A Day In The Life Of An Internist BY Nihar Gala

Internists are doctors who specialize in internal medicine and they diagnose and treat diseases and conditions that affect the internal organs of the body, including:
● Heart disease such as coronary artery disease
● High blood pressure
● Diabetes mellitus also called diabetes
Internists also provide preventive care, such as vaccinations against influenza or pneumonia; screenings for colon cancer; cholesterol testing; annual physical exams; prenatal care before and during pregnancy; management of chronic diseases like asthma or hypertension.
And advice on how to improve your lifestyle habits like smoking cessation or losing weight. Internists may also prescribe medications when appropriate.
What Does An Internist Do
An internist like myself Nihar Gala is a physician who specializes in internal medicine and internists diagnose and treat diseases that affect the heart, lungs, kidneys and other organs as well as provide advice and counseling on how to prevent illness.
Internists treat all types of patients from infants to older adults and they can be general practitioners or primary care providers for individuals in a specific community where they have established relationships with other health care providers who work together as a team to coordinate patient care needs within their communities.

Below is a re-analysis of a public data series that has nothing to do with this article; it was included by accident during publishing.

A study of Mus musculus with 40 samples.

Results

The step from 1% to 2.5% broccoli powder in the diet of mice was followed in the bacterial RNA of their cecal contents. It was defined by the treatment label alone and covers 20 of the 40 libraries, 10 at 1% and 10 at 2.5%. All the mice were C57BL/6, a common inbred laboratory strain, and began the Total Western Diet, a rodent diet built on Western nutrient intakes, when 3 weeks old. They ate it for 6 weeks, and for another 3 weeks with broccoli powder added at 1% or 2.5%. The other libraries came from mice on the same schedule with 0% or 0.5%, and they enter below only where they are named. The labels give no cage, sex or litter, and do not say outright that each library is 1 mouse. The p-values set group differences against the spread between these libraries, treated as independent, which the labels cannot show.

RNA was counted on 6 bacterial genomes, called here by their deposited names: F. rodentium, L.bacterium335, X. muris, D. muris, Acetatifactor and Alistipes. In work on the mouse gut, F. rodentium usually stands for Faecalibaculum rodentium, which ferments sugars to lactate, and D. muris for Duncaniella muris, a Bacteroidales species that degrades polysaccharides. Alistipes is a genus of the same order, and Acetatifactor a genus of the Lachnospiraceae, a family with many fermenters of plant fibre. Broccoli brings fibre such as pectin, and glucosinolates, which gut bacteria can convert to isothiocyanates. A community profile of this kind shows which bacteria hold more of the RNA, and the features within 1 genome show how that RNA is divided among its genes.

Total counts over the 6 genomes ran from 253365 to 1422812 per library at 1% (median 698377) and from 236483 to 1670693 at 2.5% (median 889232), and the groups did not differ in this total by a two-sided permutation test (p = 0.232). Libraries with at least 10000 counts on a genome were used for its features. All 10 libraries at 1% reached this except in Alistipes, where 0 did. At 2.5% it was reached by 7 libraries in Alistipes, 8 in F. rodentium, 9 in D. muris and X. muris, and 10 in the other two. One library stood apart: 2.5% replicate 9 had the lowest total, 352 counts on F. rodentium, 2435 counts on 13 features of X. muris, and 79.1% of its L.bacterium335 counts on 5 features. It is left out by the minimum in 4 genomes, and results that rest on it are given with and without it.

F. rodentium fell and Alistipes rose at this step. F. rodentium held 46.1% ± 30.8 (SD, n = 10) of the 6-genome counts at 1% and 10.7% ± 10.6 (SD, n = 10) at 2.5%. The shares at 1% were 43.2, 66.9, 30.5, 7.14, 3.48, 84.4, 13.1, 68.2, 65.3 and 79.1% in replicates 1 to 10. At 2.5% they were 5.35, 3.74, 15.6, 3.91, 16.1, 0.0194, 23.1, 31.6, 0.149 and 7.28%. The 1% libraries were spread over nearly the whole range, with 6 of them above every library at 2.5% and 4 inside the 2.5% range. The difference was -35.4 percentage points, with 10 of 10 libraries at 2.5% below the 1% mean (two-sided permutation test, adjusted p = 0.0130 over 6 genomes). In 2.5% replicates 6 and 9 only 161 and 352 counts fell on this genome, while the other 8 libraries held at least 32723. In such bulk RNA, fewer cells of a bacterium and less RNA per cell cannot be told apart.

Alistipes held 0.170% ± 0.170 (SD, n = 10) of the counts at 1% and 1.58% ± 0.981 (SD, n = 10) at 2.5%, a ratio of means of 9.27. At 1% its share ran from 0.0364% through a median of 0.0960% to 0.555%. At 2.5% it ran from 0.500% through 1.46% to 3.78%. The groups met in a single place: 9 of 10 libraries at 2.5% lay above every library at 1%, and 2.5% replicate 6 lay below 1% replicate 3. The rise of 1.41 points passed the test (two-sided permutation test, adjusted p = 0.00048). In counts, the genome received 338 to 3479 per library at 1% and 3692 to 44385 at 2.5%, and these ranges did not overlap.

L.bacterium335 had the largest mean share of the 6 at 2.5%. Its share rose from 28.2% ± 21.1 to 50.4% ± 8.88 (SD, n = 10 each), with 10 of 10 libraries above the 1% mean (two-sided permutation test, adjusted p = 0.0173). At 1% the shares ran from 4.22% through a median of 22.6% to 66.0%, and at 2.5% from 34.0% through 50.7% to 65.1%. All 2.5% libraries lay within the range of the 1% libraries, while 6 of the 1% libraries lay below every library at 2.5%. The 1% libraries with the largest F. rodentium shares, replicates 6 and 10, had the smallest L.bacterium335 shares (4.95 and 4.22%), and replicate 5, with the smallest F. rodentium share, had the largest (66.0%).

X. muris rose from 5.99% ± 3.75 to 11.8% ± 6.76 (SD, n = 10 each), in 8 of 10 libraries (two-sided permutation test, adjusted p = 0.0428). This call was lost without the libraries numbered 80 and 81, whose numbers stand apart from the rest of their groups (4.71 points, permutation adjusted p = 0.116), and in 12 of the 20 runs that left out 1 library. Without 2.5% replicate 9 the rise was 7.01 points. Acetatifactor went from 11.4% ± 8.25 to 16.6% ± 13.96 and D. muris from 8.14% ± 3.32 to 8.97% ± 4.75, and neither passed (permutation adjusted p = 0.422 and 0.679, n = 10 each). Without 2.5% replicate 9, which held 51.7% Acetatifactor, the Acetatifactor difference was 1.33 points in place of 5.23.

Nihar Gala As an internist, you diagnose and treat disease. You also provide advice and counseling on how to prevent illness. Your role is to help patients manage their health so they can live longer, healthier lives.
What Kind Of Patients Do Internists See
● Internists see patients from all ages and backgrounds
● They can be male or female, of any race and socioeconomic status
● Their medical problems vary widely from common illnesses like diabetes to rare ones such as genetic disorders that cause people’s muscles to waste away
Internists Treat All Types Of Patients, From Infants To Older Adults
As an internist, you will be treating patients of all ages and you may work with infants who have respiratory infections or older adults who are recovering from hip surgery.
You might see people with different health problems, such as heart disease or diabetes, or perhaps you will treat patients with lifestyles that differ from your own, such as smokers or athletes who need help staying healthy despite their busy schedules.